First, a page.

In our example, the butterfly of course solely does not create a tornado, but such small events and starting conditions can act as catalysts and lead to alterations in the system, creating domino effects. If the butterfly had not flapped its wings, the tornado might have never happened. The tricky part is without our little butterfly’s flapping, there would also be conditions that lead to a tornado. The flap of the wings is a part of the initial conditions of an interconnected complex web; one set of conditions leads to a tornado while the other set of conditions doesn’t.
This is what makes predicting things hard for us. Because we can’t know our initial conditions in full accuracy. Let’s consider weather prediction. To make a prediction, meteorologists take a lot of observational data from land, sea, and air. Then this data is evaluated with complex mathematical models in supercomputers to create a prediction. The computers need to take into account data with multiple variables and factors. Since long term predictions require vast amounts of data and contain too many unpredictable factors, we can’t successfully make them. However, some ways facilitate our projections’ reliability. The story starts with a meteorologist from MIT. He discovered the butterfly effect and later on created the chaos theory.
Story of a Meteorologist
Edward Lorenz was a meteorology professor at MIT in the 1960s. In the conventional wisdom at the time, they were convinced that if we could give our computers the right measurable data for weather such as wind, temperature, and velocity, we could predict the weather. So with that idea in mind, Mr Lorenz constructed a simple set of equations and then programmed them on the computer. At the first attempts, the program was able to predict the weather only a few minutes ahead. Each time, Lorenz fed the program with the predicted weather. Then minutes added up to days and weeks.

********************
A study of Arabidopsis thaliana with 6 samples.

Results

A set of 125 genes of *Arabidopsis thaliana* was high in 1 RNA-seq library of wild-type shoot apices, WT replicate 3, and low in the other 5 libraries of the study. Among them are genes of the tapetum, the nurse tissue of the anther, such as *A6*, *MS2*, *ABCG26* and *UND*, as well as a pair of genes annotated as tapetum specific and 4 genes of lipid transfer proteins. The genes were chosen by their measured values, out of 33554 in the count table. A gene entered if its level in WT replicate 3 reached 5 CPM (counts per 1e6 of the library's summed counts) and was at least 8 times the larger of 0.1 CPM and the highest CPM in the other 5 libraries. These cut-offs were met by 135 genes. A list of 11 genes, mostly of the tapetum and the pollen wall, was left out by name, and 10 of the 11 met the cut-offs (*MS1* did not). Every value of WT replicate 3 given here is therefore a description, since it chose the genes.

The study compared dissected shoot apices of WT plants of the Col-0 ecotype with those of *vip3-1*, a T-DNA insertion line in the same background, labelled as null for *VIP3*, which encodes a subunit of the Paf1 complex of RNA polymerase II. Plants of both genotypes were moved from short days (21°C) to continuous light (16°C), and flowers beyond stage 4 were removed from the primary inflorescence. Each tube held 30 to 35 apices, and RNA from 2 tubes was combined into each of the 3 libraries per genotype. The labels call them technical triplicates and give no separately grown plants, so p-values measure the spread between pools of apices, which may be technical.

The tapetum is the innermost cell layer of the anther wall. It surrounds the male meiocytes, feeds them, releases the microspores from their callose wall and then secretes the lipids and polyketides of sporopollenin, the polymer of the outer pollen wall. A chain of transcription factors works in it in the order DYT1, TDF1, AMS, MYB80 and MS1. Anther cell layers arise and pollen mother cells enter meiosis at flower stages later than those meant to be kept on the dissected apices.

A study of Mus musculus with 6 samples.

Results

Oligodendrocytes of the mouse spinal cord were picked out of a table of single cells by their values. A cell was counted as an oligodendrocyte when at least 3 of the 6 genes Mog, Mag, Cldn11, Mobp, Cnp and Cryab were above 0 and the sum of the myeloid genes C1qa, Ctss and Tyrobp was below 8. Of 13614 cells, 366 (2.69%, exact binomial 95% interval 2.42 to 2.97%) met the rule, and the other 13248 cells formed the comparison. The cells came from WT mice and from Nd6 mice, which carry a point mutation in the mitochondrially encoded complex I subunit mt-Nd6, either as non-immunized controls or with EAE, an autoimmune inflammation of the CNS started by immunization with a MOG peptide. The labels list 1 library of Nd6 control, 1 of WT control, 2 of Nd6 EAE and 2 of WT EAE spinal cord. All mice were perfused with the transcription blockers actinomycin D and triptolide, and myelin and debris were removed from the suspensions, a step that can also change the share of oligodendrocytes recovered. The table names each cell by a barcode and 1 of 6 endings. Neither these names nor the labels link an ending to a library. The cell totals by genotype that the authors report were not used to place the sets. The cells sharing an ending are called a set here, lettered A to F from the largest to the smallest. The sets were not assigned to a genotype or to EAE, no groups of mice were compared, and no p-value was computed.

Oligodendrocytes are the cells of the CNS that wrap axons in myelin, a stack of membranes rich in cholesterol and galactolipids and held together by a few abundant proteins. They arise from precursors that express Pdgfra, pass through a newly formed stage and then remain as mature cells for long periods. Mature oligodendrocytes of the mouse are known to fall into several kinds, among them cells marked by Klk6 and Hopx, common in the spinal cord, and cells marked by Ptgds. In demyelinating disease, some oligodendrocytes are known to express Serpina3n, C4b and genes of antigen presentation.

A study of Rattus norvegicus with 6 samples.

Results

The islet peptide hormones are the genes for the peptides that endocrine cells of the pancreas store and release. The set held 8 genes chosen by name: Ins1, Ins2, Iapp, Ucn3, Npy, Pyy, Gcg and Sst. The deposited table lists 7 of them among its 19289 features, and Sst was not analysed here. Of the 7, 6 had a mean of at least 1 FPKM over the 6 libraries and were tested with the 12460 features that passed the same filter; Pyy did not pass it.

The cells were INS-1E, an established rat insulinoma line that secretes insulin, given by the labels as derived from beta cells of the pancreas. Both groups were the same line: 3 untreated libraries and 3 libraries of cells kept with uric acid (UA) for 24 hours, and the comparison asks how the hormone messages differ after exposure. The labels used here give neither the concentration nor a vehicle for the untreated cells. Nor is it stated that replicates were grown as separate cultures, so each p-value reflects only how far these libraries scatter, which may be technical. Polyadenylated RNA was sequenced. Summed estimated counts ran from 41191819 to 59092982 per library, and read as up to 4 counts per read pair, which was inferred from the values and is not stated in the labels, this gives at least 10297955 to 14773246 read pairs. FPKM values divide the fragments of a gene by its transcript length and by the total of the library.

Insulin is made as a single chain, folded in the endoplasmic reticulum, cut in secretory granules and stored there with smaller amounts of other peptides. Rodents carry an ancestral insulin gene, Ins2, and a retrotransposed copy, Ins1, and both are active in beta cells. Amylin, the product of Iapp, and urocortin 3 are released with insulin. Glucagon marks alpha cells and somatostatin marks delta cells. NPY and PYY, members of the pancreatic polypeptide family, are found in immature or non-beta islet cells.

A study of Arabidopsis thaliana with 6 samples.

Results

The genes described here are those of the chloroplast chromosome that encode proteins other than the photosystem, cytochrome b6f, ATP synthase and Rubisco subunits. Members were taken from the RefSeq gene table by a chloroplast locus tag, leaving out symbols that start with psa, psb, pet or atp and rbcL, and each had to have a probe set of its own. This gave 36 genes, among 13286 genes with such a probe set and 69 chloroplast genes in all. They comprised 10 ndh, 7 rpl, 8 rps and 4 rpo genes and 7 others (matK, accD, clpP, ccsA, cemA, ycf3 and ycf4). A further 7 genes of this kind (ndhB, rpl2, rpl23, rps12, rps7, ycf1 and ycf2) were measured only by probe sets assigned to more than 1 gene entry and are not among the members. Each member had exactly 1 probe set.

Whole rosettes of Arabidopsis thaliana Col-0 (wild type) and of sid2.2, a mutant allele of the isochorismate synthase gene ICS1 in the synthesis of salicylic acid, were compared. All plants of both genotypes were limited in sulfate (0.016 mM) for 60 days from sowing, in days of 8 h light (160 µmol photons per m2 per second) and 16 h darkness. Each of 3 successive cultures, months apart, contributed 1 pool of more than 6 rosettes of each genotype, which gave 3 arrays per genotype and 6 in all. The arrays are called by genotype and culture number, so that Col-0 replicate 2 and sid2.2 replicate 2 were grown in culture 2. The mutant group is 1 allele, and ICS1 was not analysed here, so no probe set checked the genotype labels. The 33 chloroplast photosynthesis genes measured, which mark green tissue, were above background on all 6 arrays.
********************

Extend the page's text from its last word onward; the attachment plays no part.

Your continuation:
One day, he decided to rerun the program, but he did not want to do it from scratch, so he used the predictions from halfway through the first run as a starting point. This meant that instead of using 0.506127, he used 0.506. He, like other scientists in the day, thought this would not result in a vast difference, but it did. This is how he discovered the so-called butterfly effect. This was the seeds of chaos theory as well.
It is astonishing to think that two data starting so similarly but with a slight difference can end up with such different results. A difference so big that they would be in different regions in the cloud of information. On the contrary, if we take a large number of different initial conditions, then after a while they all land on the same object.
Hence, Lorenz’s equations created opposing purposes: repulsion routes within the data set and attraction beyond it. We call these complex systems “strange attractor” and the specific dynamics the “Lorenz attractor”. Many attractors were found after the discovery of Lorenz.
What is Chaos Theory?
The elegance is when you look closely at these strange attractors you can see fractals, repeating patterns. This means that even though we cannot fully comprehend a complex system, we can find ongoing similarities. Think about the chaotic systems in your everyday lives. For instance, stock markets, climate, road traffic, and even heart irregularities. They all contain repetitions.
Chaos theory is the study of these patterns by analysing chaotic mathematical models. Therefore, this is what helps us implement more successful predictions.
For me, chaos theory is not only a branch of mathematics. It is the science of surprises and it teaches us to expect the unexpected.